INDIANAPOLIS, Ind. - The American Civil Liberties Union of Indianapolis will host a panel on racial justice, Thursday, and is calling for transparency and accountability in the shooting deaths of two black men this week.
Alton Sterling, a 37-year-old black man, was shot to death as he lay on the ground with two police officers on top of him Tuesday morning.
Philando Castile was shot by police Wednesday evening near Minneapolis after being pulled over in a traffic stop. A former Indianapolis woman streamed the aftermath live on Facebook.
"It’s heartbreaking," said Jane Henegar, Executive Director of the Indiana ACLU.
Artists, academics, and legal experts will be on hand at the panel to discuss how to solve the systemic racial problems in our justice system. The ACLU planned the event months ago, but organizers never imagined that they would have two more disturbing shooting to talk about. Henegar said these two shooting deaths were the 122nd and 123rd incidents of black men killed by police this year.
"When tragedies turn into systemic occurrences it behooves us all to take action in whatever way within our means," she said.
Congressman Andre Carson released a statement, Thursday, calling for a third-party to step in and investigate.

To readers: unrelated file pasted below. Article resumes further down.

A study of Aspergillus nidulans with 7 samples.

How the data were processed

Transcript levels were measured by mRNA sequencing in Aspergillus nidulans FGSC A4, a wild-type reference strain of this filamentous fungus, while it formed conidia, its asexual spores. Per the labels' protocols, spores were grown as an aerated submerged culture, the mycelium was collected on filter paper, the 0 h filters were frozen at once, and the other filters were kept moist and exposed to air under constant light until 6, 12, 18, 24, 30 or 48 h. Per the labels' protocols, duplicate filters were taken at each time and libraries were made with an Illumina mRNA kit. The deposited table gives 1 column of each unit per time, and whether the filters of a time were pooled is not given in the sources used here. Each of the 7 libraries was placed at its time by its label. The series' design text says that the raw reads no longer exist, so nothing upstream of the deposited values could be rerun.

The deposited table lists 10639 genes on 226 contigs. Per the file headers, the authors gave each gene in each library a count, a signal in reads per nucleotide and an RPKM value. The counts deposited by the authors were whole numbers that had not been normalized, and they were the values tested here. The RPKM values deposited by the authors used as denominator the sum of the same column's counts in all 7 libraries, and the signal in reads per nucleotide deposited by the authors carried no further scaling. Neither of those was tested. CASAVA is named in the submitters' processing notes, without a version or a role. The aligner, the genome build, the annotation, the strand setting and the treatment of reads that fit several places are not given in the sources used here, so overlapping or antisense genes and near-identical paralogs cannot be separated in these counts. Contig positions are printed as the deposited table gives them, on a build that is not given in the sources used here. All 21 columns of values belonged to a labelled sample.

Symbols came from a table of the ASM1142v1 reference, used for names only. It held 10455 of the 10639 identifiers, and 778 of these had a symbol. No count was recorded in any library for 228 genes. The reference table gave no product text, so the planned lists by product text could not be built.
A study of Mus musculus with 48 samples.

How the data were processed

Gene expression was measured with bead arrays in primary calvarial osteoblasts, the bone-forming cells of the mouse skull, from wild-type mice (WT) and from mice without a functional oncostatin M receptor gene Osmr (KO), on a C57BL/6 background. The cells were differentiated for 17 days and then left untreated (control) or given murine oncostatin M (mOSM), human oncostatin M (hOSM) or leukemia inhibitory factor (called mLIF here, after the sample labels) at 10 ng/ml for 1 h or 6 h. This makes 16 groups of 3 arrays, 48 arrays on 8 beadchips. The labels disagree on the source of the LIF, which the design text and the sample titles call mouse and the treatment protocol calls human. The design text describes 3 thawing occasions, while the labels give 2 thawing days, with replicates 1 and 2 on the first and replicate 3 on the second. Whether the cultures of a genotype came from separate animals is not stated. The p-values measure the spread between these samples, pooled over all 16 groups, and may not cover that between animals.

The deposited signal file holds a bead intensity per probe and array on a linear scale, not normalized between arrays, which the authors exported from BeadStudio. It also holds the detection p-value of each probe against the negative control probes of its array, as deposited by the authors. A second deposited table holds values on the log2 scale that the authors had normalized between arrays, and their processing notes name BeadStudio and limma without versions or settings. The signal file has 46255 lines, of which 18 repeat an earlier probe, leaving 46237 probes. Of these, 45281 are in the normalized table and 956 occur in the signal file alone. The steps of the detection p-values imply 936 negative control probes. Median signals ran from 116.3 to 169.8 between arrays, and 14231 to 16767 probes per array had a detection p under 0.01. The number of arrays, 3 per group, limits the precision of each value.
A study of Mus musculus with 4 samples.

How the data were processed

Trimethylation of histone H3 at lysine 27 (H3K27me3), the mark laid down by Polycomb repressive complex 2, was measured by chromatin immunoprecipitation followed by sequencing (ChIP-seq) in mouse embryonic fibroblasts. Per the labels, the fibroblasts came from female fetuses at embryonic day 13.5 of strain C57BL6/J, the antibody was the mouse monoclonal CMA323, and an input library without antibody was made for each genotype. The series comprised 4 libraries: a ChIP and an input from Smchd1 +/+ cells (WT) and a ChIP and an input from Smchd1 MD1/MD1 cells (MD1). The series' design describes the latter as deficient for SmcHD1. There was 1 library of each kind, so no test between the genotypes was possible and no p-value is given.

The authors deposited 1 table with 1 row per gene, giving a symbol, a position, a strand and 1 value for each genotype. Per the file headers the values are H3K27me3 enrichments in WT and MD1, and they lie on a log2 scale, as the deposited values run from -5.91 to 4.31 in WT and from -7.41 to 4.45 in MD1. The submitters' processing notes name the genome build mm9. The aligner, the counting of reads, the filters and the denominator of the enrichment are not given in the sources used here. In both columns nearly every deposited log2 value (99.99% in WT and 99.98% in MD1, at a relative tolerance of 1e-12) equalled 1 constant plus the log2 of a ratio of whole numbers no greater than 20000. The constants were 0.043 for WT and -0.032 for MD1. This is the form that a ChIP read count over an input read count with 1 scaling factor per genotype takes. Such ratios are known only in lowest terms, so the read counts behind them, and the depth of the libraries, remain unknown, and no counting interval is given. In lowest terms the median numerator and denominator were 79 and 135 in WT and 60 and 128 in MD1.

He said in part, “Unfortunately, the American people are losing faith that officers who cross the line will be held accountable. Time after time, they see these officers escape without facing jail time, calling into question the ability of local authorities to investigate and prosecute effectively. It is time that we accept the need for outside independent investigation into police shootings, to better ensure officers are brought to justice."
The Concerned Clergy of Indianapolis also released a statement, Thursday.
Rev. David W. Greene wrote in part, "We are outraged by the continued senseless murders of young African-American men across our country. The last two nights is totally unacceptable and creates a greater divide among the community and police departments across the country."
While solving a decades old problem won't happen overnight, the ACLU said panels like this one are important and demanding accountability is a start.
"I think that will help with setting a standard across the country and allow not only accountability but also the kind of transparency that will lead to citizens once again trusting police officers and police officers not reacting, or overreacting out of fear for their own safety.”
The ACLU panel is scheduled for 6 pm at the Toby Theater at the Indianapolis Museum of Art.